The mixing of vampires, terrorist hijacking, and mother-son drama works surprisingly well for Blood Red Sky as there is enjoyment to be had with this movie.
Vampires are one of the most common monsters you can find in movies. Almost any type of vampire has been portrayed on the big screen. You have killer vampires in the Blade trilogy and From Dusk Till Dawn, melancholic vampires in An Interview With A Vampire and Let The Right One In, and sparkly vampires in the Twilight franchise. There isn’t a whole lot you can do to switch things up, but that is where Blood Red Sky comes in. Netflix’s newest offering about a vampire protecting her son during an airplane hijacking, Blood Red Sky is actually quite decent given how Netflix’s original horror movies are hit or miss. While it won’t be held up as the new standard-bearer of the genre, this German horror movie is still an enjoyable ride from start to finish.
FAMILY DRAMA AT ITS CORE
The movie follows a woman named Nadja (Peri Baumeister) and her son Elias (Carl Anton Koch). Nadja suffers from a mysterious illness and is traveling with her son from Germany to America for a special treatment. But during the flight, the plane is hijacked by terrorists, and Nadja is forced to let out her dark secret in order to protect her son.
Blood Red Sky shifts between being a drama and a horror movie. One on hand, you have the relationship between Nadja and Elias, the bond the two have as they try to protect each other. On the other hand, there is the horror-thriller aspect of the movie as Nadja fights the terrorists with her vampiric powers and some other nasties. The movie manages to blend both genres well. From the beginning all the way until the end, Nadja and Elias’ relationship is at the center of the movie. Even when things get bloody, the movie doesn’t forget the mother-son relationship. Most of the violence done in the movie is in the context of Nadja wanting to protect her son.
Their relationship is made believable thanks to a strong performance from Peri Baumeister. She is a force to be reckoned with as not only does she transform physically through makeup and prosthetics, but also with her animalistic rage and motherly instincts. She carries the whole movie, and you can feel her trying to wrestle between her human and vampire side. She’s trying her best to stop the evil within her from taking over. There’s a terrific tug-of-war that Nadja has to deal with internally as she crosses the line and then pulls herself back before she goes too far.
GENERIC VILLAINS AND SIDE CHARACTERS
While Blood Red Sky features strong performances from the main cast, the villains aren’t that memorable. Most of them are generic henchmen while others just play stereotypes of what we have come to expect in bad guys. Though at least Alexander Scheer’s performance as Eightball is pretty good. As the wildcard and psychopath of the terrorists, he hams it up a lot of serves as a great antagonist to Nadja.
The film also tries to humanize things by introducing us to the crew members and passengers so that you’ll feel invested in their survival, but the result is a mixed bag. For some characters, like Kais Setti’s Farid, you care for his safety and want him to do well. But for others, they don’t leave enough of an emotional impact in you to care whether they live or not.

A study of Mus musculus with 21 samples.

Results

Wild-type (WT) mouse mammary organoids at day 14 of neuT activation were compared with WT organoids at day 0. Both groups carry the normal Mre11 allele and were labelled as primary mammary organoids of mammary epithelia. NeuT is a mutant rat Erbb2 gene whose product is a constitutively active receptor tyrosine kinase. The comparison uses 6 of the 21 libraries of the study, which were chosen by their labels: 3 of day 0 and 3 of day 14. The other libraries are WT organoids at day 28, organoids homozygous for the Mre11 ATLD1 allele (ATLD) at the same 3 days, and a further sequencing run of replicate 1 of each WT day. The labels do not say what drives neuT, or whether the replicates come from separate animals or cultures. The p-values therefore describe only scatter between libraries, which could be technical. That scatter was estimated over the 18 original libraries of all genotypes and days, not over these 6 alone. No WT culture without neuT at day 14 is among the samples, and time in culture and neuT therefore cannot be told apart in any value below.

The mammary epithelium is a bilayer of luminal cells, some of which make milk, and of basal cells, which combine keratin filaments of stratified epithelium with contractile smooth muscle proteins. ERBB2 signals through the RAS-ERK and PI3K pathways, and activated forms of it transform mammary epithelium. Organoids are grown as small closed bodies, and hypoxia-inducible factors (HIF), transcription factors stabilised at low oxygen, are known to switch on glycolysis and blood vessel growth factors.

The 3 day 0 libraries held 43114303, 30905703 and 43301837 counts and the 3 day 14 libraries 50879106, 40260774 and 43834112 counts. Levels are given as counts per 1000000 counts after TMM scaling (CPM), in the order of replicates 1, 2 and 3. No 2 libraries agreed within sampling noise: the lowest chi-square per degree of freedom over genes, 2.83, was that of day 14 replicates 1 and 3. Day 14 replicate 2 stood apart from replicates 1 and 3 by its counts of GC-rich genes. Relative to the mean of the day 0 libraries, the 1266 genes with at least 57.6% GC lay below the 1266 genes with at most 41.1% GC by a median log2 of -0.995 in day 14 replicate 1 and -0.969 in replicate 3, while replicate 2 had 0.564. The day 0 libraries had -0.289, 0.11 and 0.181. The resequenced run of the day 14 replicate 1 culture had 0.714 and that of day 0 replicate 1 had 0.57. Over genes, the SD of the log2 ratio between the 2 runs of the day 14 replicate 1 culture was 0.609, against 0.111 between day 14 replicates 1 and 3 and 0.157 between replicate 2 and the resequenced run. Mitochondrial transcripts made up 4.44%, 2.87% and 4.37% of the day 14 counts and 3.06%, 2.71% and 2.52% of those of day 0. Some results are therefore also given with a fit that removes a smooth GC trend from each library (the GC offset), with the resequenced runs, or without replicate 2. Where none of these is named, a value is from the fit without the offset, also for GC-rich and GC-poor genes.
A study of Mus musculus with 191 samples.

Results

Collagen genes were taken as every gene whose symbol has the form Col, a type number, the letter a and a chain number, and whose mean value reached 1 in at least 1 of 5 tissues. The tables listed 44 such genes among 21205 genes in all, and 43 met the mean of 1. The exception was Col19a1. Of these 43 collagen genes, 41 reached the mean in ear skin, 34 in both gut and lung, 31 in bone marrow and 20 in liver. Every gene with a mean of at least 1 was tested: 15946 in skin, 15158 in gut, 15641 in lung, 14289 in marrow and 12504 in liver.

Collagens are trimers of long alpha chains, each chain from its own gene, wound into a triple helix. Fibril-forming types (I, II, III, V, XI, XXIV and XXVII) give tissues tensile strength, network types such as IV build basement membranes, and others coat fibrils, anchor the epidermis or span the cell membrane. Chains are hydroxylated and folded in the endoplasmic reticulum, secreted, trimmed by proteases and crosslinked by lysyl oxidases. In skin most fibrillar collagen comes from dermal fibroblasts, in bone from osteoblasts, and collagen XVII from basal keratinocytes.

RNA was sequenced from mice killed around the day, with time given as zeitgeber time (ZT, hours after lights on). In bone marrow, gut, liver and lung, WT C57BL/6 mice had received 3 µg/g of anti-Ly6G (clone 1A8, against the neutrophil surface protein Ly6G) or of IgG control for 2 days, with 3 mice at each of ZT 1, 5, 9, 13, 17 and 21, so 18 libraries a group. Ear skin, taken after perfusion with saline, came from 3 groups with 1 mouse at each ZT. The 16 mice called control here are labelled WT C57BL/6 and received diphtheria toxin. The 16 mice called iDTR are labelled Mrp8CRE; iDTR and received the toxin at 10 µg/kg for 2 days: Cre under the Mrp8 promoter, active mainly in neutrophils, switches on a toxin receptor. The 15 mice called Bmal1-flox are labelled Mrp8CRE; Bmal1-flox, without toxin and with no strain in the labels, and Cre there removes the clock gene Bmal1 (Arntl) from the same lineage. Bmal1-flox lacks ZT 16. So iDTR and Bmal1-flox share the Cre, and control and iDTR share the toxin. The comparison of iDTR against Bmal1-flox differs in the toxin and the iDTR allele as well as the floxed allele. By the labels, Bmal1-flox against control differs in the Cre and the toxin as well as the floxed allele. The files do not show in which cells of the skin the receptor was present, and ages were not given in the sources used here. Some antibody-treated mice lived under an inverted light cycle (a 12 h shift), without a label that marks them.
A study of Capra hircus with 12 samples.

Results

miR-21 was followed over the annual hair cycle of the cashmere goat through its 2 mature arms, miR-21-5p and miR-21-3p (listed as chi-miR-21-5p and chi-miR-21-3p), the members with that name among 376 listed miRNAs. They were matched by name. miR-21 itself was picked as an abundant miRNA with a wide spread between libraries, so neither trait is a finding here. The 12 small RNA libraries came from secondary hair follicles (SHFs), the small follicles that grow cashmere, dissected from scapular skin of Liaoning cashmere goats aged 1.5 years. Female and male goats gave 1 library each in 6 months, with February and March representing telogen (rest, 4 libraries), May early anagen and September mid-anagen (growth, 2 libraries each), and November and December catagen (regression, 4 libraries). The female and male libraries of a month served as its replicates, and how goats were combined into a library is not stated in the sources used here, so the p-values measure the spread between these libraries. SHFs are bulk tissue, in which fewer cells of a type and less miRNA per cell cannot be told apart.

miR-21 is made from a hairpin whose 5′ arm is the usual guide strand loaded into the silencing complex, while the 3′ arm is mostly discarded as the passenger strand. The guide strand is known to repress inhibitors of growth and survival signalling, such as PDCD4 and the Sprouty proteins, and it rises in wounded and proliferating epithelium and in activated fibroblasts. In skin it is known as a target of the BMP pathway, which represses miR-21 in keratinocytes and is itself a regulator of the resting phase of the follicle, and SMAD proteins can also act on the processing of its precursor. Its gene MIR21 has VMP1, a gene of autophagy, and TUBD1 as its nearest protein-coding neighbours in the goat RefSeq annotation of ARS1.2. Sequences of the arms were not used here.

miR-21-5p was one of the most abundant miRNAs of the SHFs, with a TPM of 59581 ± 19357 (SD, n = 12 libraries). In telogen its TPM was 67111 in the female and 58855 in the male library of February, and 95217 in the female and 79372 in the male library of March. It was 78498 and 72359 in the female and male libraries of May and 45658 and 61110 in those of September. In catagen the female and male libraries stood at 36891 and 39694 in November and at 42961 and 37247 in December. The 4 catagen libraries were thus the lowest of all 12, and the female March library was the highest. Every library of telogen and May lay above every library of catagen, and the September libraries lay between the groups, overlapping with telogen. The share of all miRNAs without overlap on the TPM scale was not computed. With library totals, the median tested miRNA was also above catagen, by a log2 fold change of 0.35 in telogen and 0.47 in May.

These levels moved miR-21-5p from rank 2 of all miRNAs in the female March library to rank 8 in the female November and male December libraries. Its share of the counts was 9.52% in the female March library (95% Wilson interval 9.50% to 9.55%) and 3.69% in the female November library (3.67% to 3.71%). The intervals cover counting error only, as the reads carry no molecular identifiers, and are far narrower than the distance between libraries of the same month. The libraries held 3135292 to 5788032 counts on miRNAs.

At just two hours long, Blood Red Sky can feel a bit draggy at parts, especially during its middle, but it’s not bad enough to detract from your enjoyment. Some parts could have been left in the editing room, but it does have some twists that make things interesting. In the movie’s lore, for example, vampirism is transferred to a human in just minutes, like how people would turn into zombies quickly when bitten. This then ups the ante for Nadja as not only has she have to think about herself and her son, but also making sure to not turn others, and prevent possible carriers from escaping the plane. The movie also hints at the wider world and backstory of the vampires, though it isn’t explained much here, but could be in a possible sequel.
The action can and will get intense as with every passing minute, the film makes the situation go from bad to potentially catastrophic. The movie manages to build suspense because it continuously adds to its existing dangers and ups the stakes. It’s like a “Yes, and” kind of movie that keeps on adding new things to the plot to make it more exciting but not necessarily making it feel bloated.
With that being said, having a movie set on a plane, you can only go so far with the action, especially if it features vampires. The movie does try its best to use the space it has for some dynamic action, but a vampire can only do so much inside an airplane. There is definitely some inherent tension in setting a horror movie inside a cramped and limiting environment, but it gets tiring at some parts.
A DECENT HORROR MOVIE
All in all, Blood Red Sky is a fun bloodbath. The movie shines thanks to its intense scenes and the strong emotional bond between Nadja and Elias. What helps it stand out from other vampire flicks is that at its core, Blood Red Sky is about a mother and son, and her willingness to do whatever it takes to keep him safe. The blending of horror and heist works here because of that. The emotional core is established from the start, and it’s never forgotten. It’s like Train To Busan meets Snakes On A Plane, not as good as the former, but way better than the latter. A change in setting could have made for a better movie, but if you’re looking for an entertaining horror movie to watch on Netflix on Saturday night, Blood Red Sky’s plane ride from hell should suffice.